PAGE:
The Book of Genesis - Robert Crumb How to review The Book of Genesis, the first book of the holiest scriptures of two of the world’s great monotheist religions, and honored by its third?

Well, I’m not. Not directly, at any rate. For believers the text is so weighted with allegory and prefigurations of future events that to look at it as a piece of literature or art is very nearly blasphemy. At the least, it’s of decidedly secondary importance to the book’s theological significance. And to nonbelievers, they just shake their heads at the absurdities or hold it in the same respect they might the Greek or Indian myths.

As an apostate Catholic, I’ve always enjoyed Genesis as a source for those fringe movements (like Theosophy or Zecharia Sitchin) that see Atlantis and ETs manipulating humans for their own ends. That and for the historical/anthropological insights the stories give on the ancient Middle East.

So does R. Crumb’s illustrated version add anything to the long tradition of biblical interpretation? I would say “yes.”

In a period where people are increasingly reliant on visual and aural cues as opposed to the straight texts my generation and earlier ones were raised on, Crumb brings these tired, old scriptures to life. Even the notorious “begats” come off the page vividly. For example, in Chapter 5 (which recounts the descendants of Seth) each generation is illustrated with a picture of family life – Enosh sitting on Seth’s lap as the family enjoys a meal; Enosh walking with Kenan and a wife or daughter; Kenan teaching his sons about plant lore; Mahalalel and his wives and daughters bathing Jared; Jared toiling in the fields with Enoch; Enoch stargazing with Methuselah; and Methusaleh nearly leaping for joy at the birth of Lamech. There are similar, subtle touches throughout the book – In Chapter 38, there’s a panel showing Judah playing the old finger-pulling game with the infant Er, one of his sons. And a bit later, when Judah sees Tamar sitting by the side of the road dressed as a harlot, he and one of his shepherds nudge elbows and leer, “heh, heh, heh.”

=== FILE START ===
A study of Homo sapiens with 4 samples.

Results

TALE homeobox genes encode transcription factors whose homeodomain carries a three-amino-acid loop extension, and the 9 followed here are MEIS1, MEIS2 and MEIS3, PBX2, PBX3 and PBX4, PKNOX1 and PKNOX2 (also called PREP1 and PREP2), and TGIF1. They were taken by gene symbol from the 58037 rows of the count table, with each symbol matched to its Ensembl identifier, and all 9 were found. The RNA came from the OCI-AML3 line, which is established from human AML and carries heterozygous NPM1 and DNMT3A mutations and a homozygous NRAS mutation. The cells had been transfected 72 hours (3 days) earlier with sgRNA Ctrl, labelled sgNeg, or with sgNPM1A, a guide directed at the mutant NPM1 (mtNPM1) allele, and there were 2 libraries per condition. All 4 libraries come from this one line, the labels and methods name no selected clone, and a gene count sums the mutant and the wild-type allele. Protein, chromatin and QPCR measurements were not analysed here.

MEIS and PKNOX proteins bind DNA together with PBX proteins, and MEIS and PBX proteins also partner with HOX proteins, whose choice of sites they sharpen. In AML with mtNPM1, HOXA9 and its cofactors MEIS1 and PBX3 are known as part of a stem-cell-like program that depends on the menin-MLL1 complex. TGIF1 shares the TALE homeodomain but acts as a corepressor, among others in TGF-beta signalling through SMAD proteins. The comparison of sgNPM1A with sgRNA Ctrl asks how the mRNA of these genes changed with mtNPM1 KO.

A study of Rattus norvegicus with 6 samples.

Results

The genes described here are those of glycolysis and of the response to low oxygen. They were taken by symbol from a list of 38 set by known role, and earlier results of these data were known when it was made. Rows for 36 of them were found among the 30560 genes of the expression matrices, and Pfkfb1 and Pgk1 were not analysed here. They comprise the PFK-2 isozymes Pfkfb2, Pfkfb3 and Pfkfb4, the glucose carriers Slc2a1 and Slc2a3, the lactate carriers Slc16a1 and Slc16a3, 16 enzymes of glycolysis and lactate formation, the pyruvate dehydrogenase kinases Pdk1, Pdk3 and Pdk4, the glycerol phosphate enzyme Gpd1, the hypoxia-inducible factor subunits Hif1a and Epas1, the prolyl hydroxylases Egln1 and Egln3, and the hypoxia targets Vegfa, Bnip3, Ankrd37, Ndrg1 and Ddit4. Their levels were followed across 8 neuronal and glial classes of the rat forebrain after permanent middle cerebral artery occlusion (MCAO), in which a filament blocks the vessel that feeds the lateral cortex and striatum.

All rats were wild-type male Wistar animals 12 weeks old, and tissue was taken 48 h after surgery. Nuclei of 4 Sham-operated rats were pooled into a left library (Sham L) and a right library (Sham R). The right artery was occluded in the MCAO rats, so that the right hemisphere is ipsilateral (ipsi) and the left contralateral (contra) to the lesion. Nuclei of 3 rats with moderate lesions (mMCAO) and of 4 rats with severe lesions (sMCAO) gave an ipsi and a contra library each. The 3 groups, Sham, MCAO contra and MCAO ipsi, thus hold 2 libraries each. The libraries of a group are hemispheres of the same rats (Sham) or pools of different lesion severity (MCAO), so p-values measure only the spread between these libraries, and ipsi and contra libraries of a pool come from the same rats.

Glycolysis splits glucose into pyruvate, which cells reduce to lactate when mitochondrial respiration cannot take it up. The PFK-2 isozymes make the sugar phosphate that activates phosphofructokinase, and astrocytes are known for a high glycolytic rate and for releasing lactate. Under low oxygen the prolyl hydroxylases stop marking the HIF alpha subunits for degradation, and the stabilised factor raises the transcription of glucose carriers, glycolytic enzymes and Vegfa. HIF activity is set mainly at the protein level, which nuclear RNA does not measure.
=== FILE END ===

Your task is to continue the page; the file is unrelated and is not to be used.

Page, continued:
Crumb also lets the text speak for itself – there are no moralizing subheads only chapter divisions, and only a minimum of footnoting, most of which explains the meanings of Hebrew names (e.g., “Succoth” = “sheds”). At the back there is an idiosyncratic commentary where Crumb offers his opinions about passages that particularly intrigued him but they’re not required reading and take up only 8 pages.

For me, what comes across is a marvelously illustrated version of the Hebrew origin myth. Stripped of its religious baggage, there’s little here to interest anyone but the historian/archaeologist/anthropologist/mythologist. Certainly there’re no moral guidelines offered, nor any social ones that I’d care to emulate - do I want to worship a god of such volatile humors and ill temper (e.g., the Flood) or live in a world where women are burned for extramarital sex (e.g., Tamar)? But it does make Genesis readable to a whole new generation.